Primary Productivity of Biomes

  • 1:37 Biomes
  • 2:57 High Primary…
  • 4:22 Moderate Primary Productivity
  • 4:48 Low Primary Productivity
  • 5:49 Lesson Summary
Instructor: Margaret Cunningham

Margaret has taught many Biology and Environmental Science courses and has Master's degrees in Environmental Science and Education.

Imagine a desert, a rainforest, and a lake. All of these areas are similar in that there are plants growing in them. These areas all vary because the amount of plant production is different based on the type of habitat. This lesson will explore the concept of primary productivity and how it varies by biomes. It will also discuss the most productive biomes and the biomes that produce the least biomass.

What Is Primary Productivity?

Take a minute and think about the food you ate today. Now, think about the food you would expect a deer or an eagle to eat during a day. What do you think these diets have in common? Although there is a great deal of diversity in what these animals are consuming, the major thing they all have in common is the origin of the food materials.

The sun is the source of all energy on Earth, and plants are the mechanisms that take that energy and convert it to a usable form for other organisms. Plants use a process known as photosynthesis to combine carbon dioxide, water, inorganic salts, and energy from sunlight to create complex organic molecules, such as sugars. These sugars are then passed to other species when the plant is consumed, and the energy moves through the food web as organisms are consumed by others.

The plants that conduct photosynthesis are known as autotrophic because they produce their own food. These types of plants are also referred to as primary producers because the food they create is the main source of energy that is consumed by other organisms. Primary production is the term used to describe the amount of new organic material, or biomass, created by the primary producers in an ecosystem. It is important to understand primary production and the amount of organic materials produced because all organisms, including humans, rely on this material that plants produce to survive.


Primary production is dependent on many environmental factors, such as water, temperature, nutrients, and sunlight. Since these factors vary in availability throughout the globe, the level of primary production also varies by location or biome. Biomes are large terrestrial or aquatic regions on Earth that are characterized by a unique climate and community of plants and animals. Due to the fact that the descriptions of biomes are changing and new biomes are being identified, the number of different biomes on Earth is not a set number.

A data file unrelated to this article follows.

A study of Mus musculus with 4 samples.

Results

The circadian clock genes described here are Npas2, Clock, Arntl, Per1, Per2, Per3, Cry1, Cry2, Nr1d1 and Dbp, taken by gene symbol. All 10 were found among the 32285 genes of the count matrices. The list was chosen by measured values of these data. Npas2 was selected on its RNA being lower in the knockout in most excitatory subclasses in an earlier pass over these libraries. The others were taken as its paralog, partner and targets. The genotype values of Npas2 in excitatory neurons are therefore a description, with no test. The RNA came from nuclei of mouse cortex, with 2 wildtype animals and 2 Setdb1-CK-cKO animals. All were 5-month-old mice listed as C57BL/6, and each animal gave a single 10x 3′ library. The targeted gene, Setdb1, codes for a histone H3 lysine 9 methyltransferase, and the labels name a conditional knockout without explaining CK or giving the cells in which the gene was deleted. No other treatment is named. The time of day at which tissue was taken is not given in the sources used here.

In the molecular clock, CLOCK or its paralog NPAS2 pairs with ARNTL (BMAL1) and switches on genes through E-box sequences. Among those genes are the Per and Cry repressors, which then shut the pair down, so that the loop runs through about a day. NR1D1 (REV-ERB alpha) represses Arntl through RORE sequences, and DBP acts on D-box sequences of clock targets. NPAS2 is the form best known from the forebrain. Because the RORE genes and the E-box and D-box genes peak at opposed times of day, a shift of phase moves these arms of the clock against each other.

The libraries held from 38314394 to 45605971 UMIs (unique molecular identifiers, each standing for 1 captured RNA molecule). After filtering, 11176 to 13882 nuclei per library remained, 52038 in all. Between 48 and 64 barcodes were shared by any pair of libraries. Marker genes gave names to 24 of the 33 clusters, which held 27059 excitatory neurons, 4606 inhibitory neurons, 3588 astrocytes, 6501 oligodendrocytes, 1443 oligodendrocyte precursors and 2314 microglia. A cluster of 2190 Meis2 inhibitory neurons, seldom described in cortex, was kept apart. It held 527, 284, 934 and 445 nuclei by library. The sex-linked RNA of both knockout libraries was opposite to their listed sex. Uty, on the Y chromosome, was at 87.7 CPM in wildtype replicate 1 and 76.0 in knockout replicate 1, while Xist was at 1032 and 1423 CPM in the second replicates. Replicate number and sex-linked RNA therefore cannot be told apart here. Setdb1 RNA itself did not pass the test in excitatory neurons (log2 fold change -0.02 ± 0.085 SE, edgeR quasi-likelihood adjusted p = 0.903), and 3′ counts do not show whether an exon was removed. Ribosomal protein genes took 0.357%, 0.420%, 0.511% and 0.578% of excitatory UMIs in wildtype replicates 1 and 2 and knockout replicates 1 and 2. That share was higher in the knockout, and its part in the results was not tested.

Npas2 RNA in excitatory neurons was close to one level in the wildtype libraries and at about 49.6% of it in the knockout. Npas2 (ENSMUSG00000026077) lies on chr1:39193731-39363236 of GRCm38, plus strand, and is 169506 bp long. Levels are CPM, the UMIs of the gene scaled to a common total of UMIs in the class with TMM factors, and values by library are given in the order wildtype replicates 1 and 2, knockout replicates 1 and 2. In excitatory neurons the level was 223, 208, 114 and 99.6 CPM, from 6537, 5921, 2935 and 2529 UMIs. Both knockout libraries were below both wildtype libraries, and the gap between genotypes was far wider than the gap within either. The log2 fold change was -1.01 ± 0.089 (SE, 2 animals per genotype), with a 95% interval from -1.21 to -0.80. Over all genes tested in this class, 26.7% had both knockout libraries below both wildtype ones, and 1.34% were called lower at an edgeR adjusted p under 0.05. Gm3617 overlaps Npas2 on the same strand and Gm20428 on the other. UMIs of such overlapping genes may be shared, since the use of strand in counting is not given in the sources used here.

For this lesson, we will discuss fourteen different biomes and how they relate to primary productivity. The aquatic biomes discussed will include the open ocean, coral reefs, estuaries, lakes and streams, and swamps and marshes. The terrestrial biomes will be divided into four different types including tropical, temperate, polar, and desert. The tropical biomes include tropical rainforests, tropical seasonal forests, and tropical savannas. The temperate biomes include temperate deciduous forests, temperate evergreen forests, and temperate grasslands. The polar biomes include boreal forests and the tundra, while the desert biome does not have any subdivisions.

Biomes with High Primary Productivity

There are many biomes on Earth that have high levels of primary productivity. These highly productive areas have an average annual net primary production of over 1,000 grams per square meter per year. The aquatic biome with the highest level of primary productivity is the coral reef biome with around 2,500 grams of biomass per square meter per year. The biome that includes swamps and marshes and the estuary biome are the other aquatic biomes that have high levels of primary productivity. These biomes have higher levels of primary productivity than other aquatic biomes because, in these regions, there is an increase in nutrient availability.

As you might expect, the terrestrial biome with the highest level of primary productivity is the tropical rainforest biome with around 2,200 grams of biomass per square meter per year. The tropical seasonal forests also fall in the range of having high primary productivity. These tropical biomes can produce large amounts of biomass due to the high temperatures, large amounts of rainfall, and long daylight hours. There are also two temperate biomes that have high levels of primary productivity, the temperate evergreen forest biome and the temperate deciduous forest biome. Although these biomes produce a large amount of biodiversity, they are limited by colder winters and less rainfall.

Biomes with Moderate Primary Productivity

Biomes that are considered moderate in their primary productivity produce between 500 and 1000 grams of biomass per square meter per year. All three biomes in this category are terrestrial and include tropical savannas, boreal forests, and temperate grasslands. These biomes receive less rain than the biomes that produce high levels of primary productivity and are more prone to long periods without water.